A mutual fund is a pool of stocks, bonds or other securities that has been divvied up into shares for an investor to purchase. Whether the mutual fund is actively managed or passively managed (like an index fund), it offers an efficient way to diversify a portfolio. As with any investment, evaluating a mutual fund's performance and choosing one or several that meet your investment goals and risk tolerance involves thorough research. Here are three steps to review a mutual fund and decide if it is the right choice for your portfolio.
First, classify the mutual fund to determine if it fits within your scope. For example, if you are seeking a mutual fund that provides steady income, a mid-cap value fund, which is growth-oriented, will leave you very disappointed. To find out the style of mutual fund, look it up on a financial-investment tracking website such as Morningstar that offers the basic facts and performance data, along with tools that further help you evaluate the fund. In your categorization of the mutual fund, also identify a few peers, or competitive vehicles from other fund companies, to compare it with. Using a mutual fund screener tool, such as the one provided by Morningstar, can help you with this task.
Next, review the historical performance data and compare your chosen mutual fund with a few of its peers. Look at the risk-return trade-off for each fund and determine whether it meets your risk tolerance. Morningstar ranks each fund's risk and historical returns against other funds within its universe so you can easily determine if a fund assumes a greater risk than average. The ideal balance between the two, the risk and the returns depends, again, on your risk tolerance and investment objectives.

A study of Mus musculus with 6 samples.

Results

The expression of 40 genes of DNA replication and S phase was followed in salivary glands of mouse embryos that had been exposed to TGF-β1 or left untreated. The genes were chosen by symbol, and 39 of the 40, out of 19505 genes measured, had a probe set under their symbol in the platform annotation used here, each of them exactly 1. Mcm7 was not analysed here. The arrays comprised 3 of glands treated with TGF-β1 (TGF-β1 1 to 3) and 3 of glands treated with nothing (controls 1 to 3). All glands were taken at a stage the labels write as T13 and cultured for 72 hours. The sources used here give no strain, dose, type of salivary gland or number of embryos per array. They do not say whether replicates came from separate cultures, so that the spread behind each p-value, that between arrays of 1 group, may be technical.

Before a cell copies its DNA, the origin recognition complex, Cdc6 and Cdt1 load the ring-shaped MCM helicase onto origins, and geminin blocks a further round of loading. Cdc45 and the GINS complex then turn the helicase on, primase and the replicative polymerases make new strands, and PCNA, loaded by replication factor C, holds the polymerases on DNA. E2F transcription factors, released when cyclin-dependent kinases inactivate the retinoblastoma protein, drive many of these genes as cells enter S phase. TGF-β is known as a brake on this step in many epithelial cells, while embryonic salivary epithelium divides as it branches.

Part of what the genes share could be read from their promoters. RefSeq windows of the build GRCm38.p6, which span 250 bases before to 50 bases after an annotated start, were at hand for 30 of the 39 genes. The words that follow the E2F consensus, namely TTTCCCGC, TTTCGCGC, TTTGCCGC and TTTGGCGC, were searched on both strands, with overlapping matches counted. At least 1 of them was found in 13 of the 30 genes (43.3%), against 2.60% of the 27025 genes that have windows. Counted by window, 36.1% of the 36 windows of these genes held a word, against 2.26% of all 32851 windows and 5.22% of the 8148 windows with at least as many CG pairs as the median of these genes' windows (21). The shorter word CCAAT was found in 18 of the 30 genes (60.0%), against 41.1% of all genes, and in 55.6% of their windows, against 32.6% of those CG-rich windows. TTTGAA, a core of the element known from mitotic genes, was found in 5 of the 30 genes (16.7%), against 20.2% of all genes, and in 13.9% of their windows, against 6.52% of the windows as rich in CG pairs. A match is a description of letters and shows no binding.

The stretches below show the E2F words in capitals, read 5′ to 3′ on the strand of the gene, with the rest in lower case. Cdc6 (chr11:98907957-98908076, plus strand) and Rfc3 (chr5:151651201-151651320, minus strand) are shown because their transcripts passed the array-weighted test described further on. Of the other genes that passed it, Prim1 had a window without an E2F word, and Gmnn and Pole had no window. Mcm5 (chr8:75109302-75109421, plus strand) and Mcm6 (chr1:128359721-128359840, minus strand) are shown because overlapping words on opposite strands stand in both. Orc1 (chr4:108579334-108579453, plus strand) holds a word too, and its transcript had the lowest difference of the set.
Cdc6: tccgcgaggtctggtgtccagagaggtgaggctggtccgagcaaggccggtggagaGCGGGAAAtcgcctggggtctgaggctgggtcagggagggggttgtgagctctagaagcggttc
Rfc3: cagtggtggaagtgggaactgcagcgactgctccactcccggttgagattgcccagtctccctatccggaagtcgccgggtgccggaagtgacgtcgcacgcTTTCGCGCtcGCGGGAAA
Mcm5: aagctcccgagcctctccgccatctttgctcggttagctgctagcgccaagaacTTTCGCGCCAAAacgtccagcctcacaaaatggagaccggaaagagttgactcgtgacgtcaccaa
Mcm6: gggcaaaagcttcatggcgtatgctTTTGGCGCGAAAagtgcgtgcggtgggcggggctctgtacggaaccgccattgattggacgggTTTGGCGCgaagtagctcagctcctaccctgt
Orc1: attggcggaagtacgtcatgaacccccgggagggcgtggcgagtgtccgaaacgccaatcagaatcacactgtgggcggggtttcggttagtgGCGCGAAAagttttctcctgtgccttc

Dig deeper into the historical performance numbers to determine the consistency of the fund's returns. Do the five-year average returns look great because of one phenomenal year that could have just been luck? Try to select a fund that consistently outperforms its benchmark and one that has withstood a few market downturns and mitigated downside risks. These numbers illustrate the ability of the mutual fund managers. Sometimes, however, when the market crashes, not even the best managers can save a portfolio from a loss. For this reason, also compare the fund's upside and downside data against comparable funds.
Finally, take a look into the fund's expenses and fee structure. Tactical mutual funds that have heavy trading or are very actively managed have higher annual expenses. Factor in these costs, as they directly affect the real rate of return you'll get. While a fund that charges higher management fees is not necessarily better or worse, you should still be cognizant of a reasonable expense ratio for the type of fund you choose. Again, comparing the fund with its peers can help.